Primate expert's vision for conservation

By Nina Fowler

Dr Ian Singleton has dedicated his life to protect the orangutan. Photo / Supplied
Dr Ian Singleton has dedicated his life to protect the orangutan. Photo / Supplied

"It's no longer about saving the orangutan in Sumatra." This is an unexpected comment from Dr Ian Singleton - a primate expert, former zookeeper, and director of the Sumatran Orangutan Conservation Programme (SOCP).

Dr Singleton has dedicated his career to protecting vulnerable species in Indonesia. His priority is Aceh's Leuser Ecosystem, a 2.6 million hectare expanse of protected rainforest at risk of new industry concessions.

It's one of the world's most important conservation areas, he says, and the stakes are higher than a grave threat to any one particular species.

He spoke to Element from Vietnam ahead of this week's visit to New Zealand.
 
What's the state of play in your conservation work in Sumatra?

By far, the biggest threat, all of the time, is the loss of the habitat - the loss of forest. That's unusually conversion for palm oil plantations, mining, things like that. But the biggest problem right now is this spatial plan that's being developed by the government of the province of Aceh, which is where most of the wild orangutans are.

That's involving the opening of a lot of new roads and opening of this Leuser Ecosystem, a protected area, to new concessions and mining and plantations.

That's a major, major problem for us. We really could see the orangutans, elephants, tigers and rhinos heading to extinction in the next decade or two as a result of this one spatial plan.

How pivotal is this region for those species' survival?

It's totally critical. It's like 85% of all wild Sumatran orangutans live within the Leuser ecosystem. Most of that Leuser ecosystem is within the province of Aceh.

Would you say it's important for conservation activists to start with problems in their own backyards? Or is it more important to take a global approach?

Conservation has changed from being about saving a particular frog on a particular island to being a global issue. Climate change is the one gamechanger now that everyone needs to be aware of. Climbing Kilimanjaro (to raise money for reforestation charity PATT Foundation) was an attempt to bring attention to that....

It's no longer about saving the orangutan in Sumatra or saving the kakapo on Codfish Island in New Zealand. It's about trying to manage this planet in a more sustainable way and not destroying our own resources.

Using the orangutan as an emblem attracts attention but the goal is to save the tropical rainforest and everything that lives there. Not just the orangutan or this species or that species. We do really have to start thinking on a global scale now because the issues are global in nature.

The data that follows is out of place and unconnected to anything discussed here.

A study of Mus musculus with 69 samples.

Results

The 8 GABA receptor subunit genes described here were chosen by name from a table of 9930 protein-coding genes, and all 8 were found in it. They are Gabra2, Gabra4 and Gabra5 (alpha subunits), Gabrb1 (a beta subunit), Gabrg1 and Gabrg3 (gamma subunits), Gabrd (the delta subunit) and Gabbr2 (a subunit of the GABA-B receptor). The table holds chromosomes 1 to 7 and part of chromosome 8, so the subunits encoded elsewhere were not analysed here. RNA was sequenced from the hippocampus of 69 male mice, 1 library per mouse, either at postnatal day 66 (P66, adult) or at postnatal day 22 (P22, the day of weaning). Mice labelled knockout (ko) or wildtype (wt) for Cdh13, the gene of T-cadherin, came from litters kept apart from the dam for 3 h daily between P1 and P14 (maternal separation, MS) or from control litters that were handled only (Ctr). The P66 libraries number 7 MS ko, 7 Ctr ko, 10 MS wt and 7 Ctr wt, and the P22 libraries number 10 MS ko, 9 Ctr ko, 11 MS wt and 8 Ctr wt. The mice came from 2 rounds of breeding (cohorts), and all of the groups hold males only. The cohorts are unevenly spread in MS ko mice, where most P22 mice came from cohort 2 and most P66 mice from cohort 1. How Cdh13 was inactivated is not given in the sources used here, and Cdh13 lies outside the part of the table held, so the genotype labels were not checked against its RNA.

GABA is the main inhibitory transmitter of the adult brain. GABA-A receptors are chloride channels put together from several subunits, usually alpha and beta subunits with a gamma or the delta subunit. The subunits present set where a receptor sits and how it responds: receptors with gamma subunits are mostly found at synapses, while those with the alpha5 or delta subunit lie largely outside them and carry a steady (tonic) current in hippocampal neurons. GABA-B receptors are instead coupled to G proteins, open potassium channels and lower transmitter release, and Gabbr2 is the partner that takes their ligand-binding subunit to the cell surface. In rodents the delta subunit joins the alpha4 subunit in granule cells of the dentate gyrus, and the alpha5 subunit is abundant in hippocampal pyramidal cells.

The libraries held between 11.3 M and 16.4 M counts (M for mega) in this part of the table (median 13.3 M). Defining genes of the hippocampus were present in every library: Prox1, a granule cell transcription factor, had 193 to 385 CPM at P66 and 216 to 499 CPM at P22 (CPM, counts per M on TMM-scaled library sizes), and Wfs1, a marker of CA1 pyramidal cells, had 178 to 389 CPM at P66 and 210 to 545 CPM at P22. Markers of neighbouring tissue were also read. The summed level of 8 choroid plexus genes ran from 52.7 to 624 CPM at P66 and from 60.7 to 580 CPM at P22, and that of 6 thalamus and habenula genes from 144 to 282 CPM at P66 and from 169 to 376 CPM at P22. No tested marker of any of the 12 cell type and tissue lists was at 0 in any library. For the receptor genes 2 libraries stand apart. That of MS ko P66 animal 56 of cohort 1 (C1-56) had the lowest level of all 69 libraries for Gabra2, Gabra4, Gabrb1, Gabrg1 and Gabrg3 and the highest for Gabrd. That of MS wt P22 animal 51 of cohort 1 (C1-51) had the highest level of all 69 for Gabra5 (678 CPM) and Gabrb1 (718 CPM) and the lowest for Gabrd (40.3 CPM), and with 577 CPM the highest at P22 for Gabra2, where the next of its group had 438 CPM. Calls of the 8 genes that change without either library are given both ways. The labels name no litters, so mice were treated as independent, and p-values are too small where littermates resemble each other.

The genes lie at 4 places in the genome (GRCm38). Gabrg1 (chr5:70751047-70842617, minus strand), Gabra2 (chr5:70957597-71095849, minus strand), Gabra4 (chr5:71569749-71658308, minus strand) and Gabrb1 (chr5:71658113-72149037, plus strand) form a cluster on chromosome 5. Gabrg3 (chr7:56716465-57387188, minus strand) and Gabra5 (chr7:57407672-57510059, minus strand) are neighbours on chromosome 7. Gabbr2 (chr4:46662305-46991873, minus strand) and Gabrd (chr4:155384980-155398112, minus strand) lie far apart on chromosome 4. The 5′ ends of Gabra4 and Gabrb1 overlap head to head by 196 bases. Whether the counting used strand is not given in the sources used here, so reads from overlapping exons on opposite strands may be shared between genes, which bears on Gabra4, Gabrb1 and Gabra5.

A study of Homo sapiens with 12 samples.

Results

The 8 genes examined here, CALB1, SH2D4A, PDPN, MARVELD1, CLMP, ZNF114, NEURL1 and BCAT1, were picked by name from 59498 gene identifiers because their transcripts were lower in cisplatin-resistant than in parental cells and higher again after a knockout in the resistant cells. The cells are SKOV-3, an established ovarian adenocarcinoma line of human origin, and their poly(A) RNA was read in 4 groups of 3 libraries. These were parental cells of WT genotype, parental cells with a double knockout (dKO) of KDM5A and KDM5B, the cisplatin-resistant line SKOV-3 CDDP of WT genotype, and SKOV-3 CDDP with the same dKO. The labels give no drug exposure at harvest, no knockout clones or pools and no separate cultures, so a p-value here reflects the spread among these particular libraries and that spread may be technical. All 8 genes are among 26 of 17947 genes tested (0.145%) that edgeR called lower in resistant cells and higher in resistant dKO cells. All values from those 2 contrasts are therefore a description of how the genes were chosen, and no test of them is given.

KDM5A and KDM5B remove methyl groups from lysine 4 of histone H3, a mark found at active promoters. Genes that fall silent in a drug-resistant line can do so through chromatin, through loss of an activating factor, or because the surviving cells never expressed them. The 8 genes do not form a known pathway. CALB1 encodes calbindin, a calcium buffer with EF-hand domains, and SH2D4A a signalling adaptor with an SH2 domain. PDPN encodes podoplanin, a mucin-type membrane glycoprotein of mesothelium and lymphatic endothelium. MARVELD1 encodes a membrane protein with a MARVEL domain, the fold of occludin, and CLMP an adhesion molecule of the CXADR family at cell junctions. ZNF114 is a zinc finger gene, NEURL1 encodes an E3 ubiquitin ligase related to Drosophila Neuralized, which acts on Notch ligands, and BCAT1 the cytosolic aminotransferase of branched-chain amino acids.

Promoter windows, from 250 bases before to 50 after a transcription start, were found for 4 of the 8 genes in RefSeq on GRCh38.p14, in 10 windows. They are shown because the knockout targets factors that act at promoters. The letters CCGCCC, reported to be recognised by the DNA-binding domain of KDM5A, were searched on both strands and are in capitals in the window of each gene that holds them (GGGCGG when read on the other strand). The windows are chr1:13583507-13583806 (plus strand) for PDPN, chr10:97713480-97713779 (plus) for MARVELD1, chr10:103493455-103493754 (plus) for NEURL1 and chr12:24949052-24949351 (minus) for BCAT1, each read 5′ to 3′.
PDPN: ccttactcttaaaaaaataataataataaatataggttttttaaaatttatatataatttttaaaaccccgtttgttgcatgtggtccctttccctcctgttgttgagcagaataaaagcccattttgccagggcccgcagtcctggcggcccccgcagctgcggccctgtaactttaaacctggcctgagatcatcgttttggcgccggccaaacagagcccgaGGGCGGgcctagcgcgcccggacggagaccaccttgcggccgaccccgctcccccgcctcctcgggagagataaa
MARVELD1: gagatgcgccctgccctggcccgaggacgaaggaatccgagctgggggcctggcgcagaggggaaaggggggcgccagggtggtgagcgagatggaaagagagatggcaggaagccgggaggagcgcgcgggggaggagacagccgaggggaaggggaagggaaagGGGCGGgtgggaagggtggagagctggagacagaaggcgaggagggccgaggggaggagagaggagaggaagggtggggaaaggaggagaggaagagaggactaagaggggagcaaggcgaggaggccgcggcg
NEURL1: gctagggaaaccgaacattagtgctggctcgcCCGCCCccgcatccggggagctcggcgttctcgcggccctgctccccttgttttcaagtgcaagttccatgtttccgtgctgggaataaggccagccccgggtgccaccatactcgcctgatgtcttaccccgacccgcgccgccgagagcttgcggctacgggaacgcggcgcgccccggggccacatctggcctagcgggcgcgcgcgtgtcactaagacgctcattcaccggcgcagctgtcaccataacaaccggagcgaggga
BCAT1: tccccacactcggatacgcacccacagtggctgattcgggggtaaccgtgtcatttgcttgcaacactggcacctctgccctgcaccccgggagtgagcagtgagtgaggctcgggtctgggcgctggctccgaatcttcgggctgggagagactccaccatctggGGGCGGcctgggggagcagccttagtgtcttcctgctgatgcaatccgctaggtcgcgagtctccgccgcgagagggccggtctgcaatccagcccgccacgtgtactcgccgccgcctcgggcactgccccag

With that in mind, though, should people look around in their own community first?

You only get one life. It's up to the individual to do whatever makes them feel best. You're probably more able to have an impact on the local scale.

People should very much get involved and pay attention to what's going on and realise that they can, for the first time, they can access information that they've never been able to access before.

They can measure things, they can map things, they can publicise things, promote things... You can send a message 15 times around the world before breakfast if you so wish. It's up to individuals to decide where they fit in and far they want to act on the info and the knowledge that they have.

Are there any particular new tools - online or software - that have come in useful in your own work recently, beyond social media?

The big innovation a few years ago was GIS (Geographic Information Systems) and satellite imagery. Five years ago, it cost you thousands of dollars to buy a photograph of a forest. Nowadays, it's all downloadable for free...

We're also using drones, remote-controlled model aircraft, to fly over areas and photograph and film in areas that we otherwise wouldn't be able to get to.

The potential uses for that in some places are unlimited, really. I think we're only just scratching the surface.

Are there any other trends in conservation that fascinate you at the moment?

The key for me, as I said earlier, it's no longer about saving one species in one particular area. We're all living in a world where we're actually destroying soil faster than the earth is making soil.

Everybody says 'what about sustainable this, sustainable that' but nothing that we do at the moment is really sustainable in the long-term.

We have to start looking at that issue. We have to start thinking, well, if we want humans to live on planet earth in another 500 years, we need to start doing things now to enable that to happen.

Dr Singleton is the director of the SOCP and co-founder of Earth 4 Orangutans, which is working to raise funds to establish the Orangutan Haven and Wildlife Conservation Education Centre in North Sumatra.

He will give a public talk at Auckland's Bruce Mason Centre on Tuesday August 19. Tickets cost $20 and all profits will go to Earth 4 Orangutans.

The above interview has been edited for length and clarity.